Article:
Traveling to Bangkok to Give Birth, Part I: Choosing a Hospital


Choosing where to give birth can be a difficult decision, particularly for an expecting mother living outside of her home country. Since having a child can be a pretty grueling ordeal under the best of circumstances, you don’t want to risk adding any additional complications or stress to the process. You want a location with top-tier medical facilities, experienced staff and plenty of soothing places to relax both before and after the big day.

Travel to Bangkok for birth

Bangkok, one of the world’s leading medical tourism destinations, offers expecting mothers some of the best medical care in the region at a very attractive price. As a result, more and more expats living in Cambodia, Laos or other parts of Thailand, are traveling to the Big Mango before their due date. Even after selecting the city though, there are still a number of other factors to consider.

Choosing a hospital

Though there are quite a few medical facilities in Bangkok, the two hospitals foreigners generally gravitate toward are Samitivej Sukhumvit Hospital (133 Sukhumvit Rd. Soi 49; 66-2/711-8000; www.samitivejhospital.com) and Bumrungrad International Hospital (33 Sukhumvit Rd. Soi 3; 66-2/667-2525; www.bumrungrad.com). Both cater heavily to expats and medical tourists from all over the world, and both maintain international standards for hygiene, training, equipment and care. Granted, this does make them a bit more expensive than the public Thai hospitals, but it means the majority of the staff you deal with will be proficient or fluent in English. Remember: by having your baby in Bangkok, you’re already paying substantially less than you would in a Western country or another Southeast Asian nation such as Singapore. It’s well worth the small extra investment to have a comfortable, safe environment.

In general, Samitivej is the more popular of the two main options, since it heavily promotes the quality of its maternity care and is currently the one hospital that offers a water birth option.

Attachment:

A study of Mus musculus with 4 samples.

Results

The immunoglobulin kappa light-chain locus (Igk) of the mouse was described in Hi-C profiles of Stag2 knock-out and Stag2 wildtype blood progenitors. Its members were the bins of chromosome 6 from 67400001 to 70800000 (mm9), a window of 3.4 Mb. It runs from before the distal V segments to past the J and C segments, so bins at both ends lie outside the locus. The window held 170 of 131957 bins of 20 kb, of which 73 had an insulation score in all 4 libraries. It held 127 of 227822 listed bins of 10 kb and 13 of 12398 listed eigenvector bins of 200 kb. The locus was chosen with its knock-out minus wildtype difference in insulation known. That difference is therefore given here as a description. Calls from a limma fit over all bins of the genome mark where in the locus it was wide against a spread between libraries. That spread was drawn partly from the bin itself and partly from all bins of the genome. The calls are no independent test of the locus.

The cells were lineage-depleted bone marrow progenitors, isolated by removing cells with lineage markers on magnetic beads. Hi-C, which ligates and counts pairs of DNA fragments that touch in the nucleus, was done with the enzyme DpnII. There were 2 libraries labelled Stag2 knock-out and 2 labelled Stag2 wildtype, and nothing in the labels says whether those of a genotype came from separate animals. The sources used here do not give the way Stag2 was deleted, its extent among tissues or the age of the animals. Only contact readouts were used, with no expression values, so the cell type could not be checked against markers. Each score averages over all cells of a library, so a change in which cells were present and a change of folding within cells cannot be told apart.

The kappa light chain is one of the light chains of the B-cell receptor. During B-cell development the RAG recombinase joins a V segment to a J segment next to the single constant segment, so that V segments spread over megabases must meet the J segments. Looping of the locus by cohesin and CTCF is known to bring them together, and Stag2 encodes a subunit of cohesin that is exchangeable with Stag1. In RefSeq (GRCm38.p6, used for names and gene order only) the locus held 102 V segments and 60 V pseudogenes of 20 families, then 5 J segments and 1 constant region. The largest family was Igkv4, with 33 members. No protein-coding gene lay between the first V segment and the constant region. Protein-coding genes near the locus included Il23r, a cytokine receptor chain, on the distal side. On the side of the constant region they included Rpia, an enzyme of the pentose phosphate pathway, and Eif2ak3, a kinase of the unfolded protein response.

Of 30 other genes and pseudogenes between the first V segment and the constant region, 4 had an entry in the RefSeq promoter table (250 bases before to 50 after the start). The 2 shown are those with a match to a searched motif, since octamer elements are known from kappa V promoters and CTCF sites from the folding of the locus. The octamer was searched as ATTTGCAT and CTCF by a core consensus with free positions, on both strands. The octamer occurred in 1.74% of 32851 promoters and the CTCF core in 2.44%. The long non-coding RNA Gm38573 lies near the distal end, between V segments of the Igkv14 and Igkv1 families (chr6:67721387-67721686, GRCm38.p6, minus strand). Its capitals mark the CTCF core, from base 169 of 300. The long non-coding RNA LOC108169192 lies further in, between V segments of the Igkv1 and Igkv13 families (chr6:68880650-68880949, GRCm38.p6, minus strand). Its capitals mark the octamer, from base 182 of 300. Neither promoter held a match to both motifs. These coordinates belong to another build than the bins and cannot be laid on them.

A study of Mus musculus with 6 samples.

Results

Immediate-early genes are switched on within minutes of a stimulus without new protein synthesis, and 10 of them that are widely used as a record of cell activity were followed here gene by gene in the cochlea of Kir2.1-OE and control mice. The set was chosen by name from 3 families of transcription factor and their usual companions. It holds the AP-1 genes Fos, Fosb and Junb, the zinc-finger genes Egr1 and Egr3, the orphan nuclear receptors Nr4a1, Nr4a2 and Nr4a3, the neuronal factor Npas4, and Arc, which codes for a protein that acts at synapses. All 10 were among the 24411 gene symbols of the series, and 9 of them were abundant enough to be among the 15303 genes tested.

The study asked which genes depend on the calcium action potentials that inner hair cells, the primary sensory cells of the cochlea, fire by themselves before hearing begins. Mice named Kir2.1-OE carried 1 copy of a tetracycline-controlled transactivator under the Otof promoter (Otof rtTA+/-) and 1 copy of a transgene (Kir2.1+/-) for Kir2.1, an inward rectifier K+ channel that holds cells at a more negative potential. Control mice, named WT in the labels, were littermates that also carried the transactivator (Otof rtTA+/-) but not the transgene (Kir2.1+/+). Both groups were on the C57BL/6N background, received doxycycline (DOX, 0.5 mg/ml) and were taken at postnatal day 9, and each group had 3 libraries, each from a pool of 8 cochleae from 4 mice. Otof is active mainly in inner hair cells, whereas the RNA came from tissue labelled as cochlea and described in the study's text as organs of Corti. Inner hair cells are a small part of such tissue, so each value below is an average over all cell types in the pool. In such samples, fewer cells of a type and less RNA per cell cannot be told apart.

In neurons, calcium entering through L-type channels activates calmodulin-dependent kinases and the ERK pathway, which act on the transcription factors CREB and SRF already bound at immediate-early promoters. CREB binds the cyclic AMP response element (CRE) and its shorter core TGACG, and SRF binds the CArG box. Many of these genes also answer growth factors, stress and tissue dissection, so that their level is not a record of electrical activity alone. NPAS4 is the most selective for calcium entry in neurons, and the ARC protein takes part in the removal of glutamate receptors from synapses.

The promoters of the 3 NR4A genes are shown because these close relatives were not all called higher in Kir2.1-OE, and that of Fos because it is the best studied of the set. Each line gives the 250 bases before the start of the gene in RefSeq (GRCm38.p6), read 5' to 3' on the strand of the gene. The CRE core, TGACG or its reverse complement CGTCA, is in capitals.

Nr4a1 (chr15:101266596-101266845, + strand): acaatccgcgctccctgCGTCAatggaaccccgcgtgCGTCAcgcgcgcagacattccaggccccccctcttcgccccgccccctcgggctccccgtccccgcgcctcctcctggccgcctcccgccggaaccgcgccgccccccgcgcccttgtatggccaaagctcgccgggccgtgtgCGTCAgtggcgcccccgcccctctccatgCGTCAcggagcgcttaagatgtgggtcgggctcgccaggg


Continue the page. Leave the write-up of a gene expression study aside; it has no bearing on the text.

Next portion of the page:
Ultimately, the decision is up to you and it’s worth the effort to investigate both of the places for yourself and see how you feel about them. Ask to see the birthing rooms and speak with the doctor in advance before you book an appointment.

Choosing a doctor

Selecting a physician in Thailand is much like finding one in other parts of the world. Both hospitals have highly accredited doctors who should be willing to discuss their experience and credentials with you. Many are educated abroad and may have additional credentials from international organizations. Be sure that you choose a doctor with whom you feel comfortable and who you can talk to easily. If you strongly prefer a woman doctor, it’s perfectly okay to say that.

It may help to have several meetings in advance with the doctor to discuss which birthing method is best for you. This will ensure that you and your doctor are on the same page throughout the process, and that there are no misunderstandings when the big moment comes. If at any point in these discussions you feel like your doctor doesn’t understand your wishes or disagrees with you on fundamental points, feel free to change doctors. This is completely normal. The important thing is that you feel you have someone you can trust and depend on. Until you find that doctor, do not settle for less.

Photo Credit: Nik Cyclist via Compfight cc

ExpectingExpats.com

Expecting Expats is the online resource for parents in and around Thailand.

We provide lifestyle and medical content to our visitors, with new content posted daily. Our lifestyle contributors are themselves expat moms who share their experiences and lessons learned through blog articles. We also provide medical content from our partner doctors at Samitivej Hospital in Bangkok, Thailand. Articles of interest span from before pregnancy through the toddler years and cover medical, behavioral and cognitive issues.